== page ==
NEA uses the monitored anesthesia care (MAC) technique for many surgical procedures that do not require deep sedation or a general anesthetic. The anesthesiologist will perform a thorough review of the patient's medical history and insert an intravenous catheter through which anesthetic drugs are administered. Many of the same monitors used during general anesthesia are also used during monitored anesthesia care. NEA doctors carefully monitor blood pressure, heart rate and the amount of oxygen carried to vital organs during Monitored Anesthesia Care operations.
Local anesthesia for pain with relaxation drugs for anxiety
There are often procedures during which the surgeon injects local anesthesia into the surgical site to establish numbness while the NEA anesthesiologist administers anesthetic medications through an intravenous line to relax the patient and allay anxiety. NEA doctors often use a sedative called Propofol to induce a state of restfulness from which the patient is easily aroused. A narcotic drug is also part of a balanced sedative technique. Patients who receive local anesthesia with sedation under NEA's monitored care technique do not lose consciousness but may not remember many aspects of their operative experience.
Light general anesthesia
A light general anesthesia occurs when an anesthesiologist administers more sedation resulting in sleep and from which the patient is less easily aroused. By definition, this deeper level of sedation is called total intravenous anesthesia and is considered a form of light general anesthesia.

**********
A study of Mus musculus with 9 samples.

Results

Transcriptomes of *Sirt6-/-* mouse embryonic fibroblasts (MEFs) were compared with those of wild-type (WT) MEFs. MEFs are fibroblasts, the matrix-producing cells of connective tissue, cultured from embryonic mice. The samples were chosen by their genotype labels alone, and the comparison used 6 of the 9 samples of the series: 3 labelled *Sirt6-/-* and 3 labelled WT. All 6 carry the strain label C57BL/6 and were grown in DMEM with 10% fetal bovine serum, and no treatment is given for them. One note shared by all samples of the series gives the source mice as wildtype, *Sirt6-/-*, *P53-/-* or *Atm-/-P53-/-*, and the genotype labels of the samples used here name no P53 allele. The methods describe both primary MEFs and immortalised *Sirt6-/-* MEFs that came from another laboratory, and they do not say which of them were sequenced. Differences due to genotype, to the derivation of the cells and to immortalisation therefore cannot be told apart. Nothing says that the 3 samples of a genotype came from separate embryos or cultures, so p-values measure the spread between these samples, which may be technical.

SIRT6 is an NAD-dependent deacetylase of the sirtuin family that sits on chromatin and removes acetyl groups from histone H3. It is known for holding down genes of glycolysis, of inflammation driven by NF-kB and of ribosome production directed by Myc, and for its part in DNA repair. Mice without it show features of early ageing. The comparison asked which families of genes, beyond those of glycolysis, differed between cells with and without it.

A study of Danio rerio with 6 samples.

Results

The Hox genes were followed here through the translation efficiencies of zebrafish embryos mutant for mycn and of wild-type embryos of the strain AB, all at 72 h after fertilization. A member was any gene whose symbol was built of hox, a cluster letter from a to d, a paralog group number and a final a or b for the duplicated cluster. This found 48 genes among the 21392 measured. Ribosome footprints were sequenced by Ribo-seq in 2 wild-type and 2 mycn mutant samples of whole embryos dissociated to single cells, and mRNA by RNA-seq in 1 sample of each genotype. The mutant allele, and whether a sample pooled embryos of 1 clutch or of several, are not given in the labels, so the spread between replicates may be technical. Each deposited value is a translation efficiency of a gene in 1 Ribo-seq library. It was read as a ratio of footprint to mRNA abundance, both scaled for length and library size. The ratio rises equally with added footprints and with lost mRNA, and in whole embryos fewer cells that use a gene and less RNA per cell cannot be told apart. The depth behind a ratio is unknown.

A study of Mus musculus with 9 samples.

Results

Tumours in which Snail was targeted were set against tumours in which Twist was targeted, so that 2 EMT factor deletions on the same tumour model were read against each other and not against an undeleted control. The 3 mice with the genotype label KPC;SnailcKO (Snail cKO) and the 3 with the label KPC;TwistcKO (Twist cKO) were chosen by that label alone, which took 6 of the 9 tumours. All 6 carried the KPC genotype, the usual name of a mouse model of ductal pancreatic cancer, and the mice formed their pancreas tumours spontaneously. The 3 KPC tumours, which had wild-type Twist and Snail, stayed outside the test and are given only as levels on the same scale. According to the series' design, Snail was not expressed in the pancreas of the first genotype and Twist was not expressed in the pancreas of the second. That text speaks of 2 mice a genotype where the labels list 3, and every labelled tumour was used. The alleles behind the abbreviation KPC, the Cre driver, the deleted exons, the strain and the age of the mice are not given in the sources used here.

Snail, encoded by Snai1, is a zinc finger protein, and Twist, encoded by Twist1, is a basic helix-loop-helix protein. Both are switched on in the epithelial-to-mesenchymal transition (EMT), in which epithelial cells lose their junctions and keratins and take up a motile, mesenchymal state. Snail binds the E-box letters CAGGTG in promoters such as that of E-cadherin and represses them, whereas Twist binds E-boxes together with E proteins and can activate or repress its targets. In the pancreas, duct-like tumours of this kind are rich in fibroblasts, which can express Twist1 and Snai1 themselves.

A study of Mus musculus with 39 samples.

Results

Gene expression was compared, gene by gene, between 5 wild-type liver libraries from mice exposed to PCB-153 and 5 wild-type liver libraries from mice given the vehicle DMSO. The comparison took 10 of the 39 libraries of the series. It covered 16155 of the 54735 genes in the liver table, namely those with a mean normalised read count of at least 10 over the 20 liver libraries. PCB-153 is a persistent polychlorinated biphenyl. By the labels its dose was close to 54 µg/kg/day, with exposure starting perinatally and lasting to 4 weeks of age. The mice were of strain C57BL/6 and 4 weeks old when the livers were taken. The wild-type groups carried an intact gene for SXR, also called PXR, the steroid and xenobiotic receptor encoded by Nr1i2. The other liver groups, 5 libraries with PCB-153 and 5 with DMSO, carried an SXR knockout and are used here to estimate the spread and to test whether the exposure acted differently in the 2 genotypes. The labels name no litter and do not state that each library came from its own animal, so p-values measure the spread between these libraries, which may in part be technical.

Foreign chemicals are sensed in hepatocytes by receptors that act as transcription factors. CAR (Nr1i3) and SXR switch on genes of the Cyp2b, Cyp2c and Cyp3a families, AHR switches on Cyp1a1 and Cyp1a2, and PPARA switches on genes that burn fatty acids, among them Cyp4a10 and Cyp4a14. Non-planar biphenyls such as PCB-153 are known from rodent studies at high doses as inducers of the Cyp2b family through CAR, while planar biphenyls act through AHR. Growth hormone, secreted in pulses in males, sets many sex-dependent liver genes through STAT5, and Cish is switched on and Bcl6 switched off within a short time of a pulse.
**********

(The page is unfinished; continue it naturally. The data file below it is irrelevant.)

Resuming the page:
Nausea less frequent side effect with MAC
Monitored Anesthesia Care administered by NEA's highly qualified doctors is quite safe. Anesthesia levels must be closely controlled by the anesthesiologist during the technique. Deeper levels of sedation approaching a general anesthetic may result in lowered blood pressure and loss of wakeful breathing patterns. The most common side effect of MAC is nausea, but since fewer anesthetics are administered in comparison with general anesthesia, the incidence of nausea is much less. Lower doses of anesthetic also result in a faster recovery and, in some cases, patients bypass the recovery room altogether and are able to leave the hospital much sooner than they would had they had a general anesthetic.
Please contact Northeastern Anesthesia Services, if you'd like to discuss Monitored Anesthesia Care with NEA.
Postoperative Nausea and VomitingApproximately twenty to thirty percent of patients are at risk of experiencing postoperative nausea and vomiting (PONV) following surgery and anesthesia. Throughout your surgical experience, Northeastern Anesthesia Services practitioners use expertise and administer medication to minimize the risk of these unpleasant side effects. They will make specific interventions that may alleviate or eliminate PONV.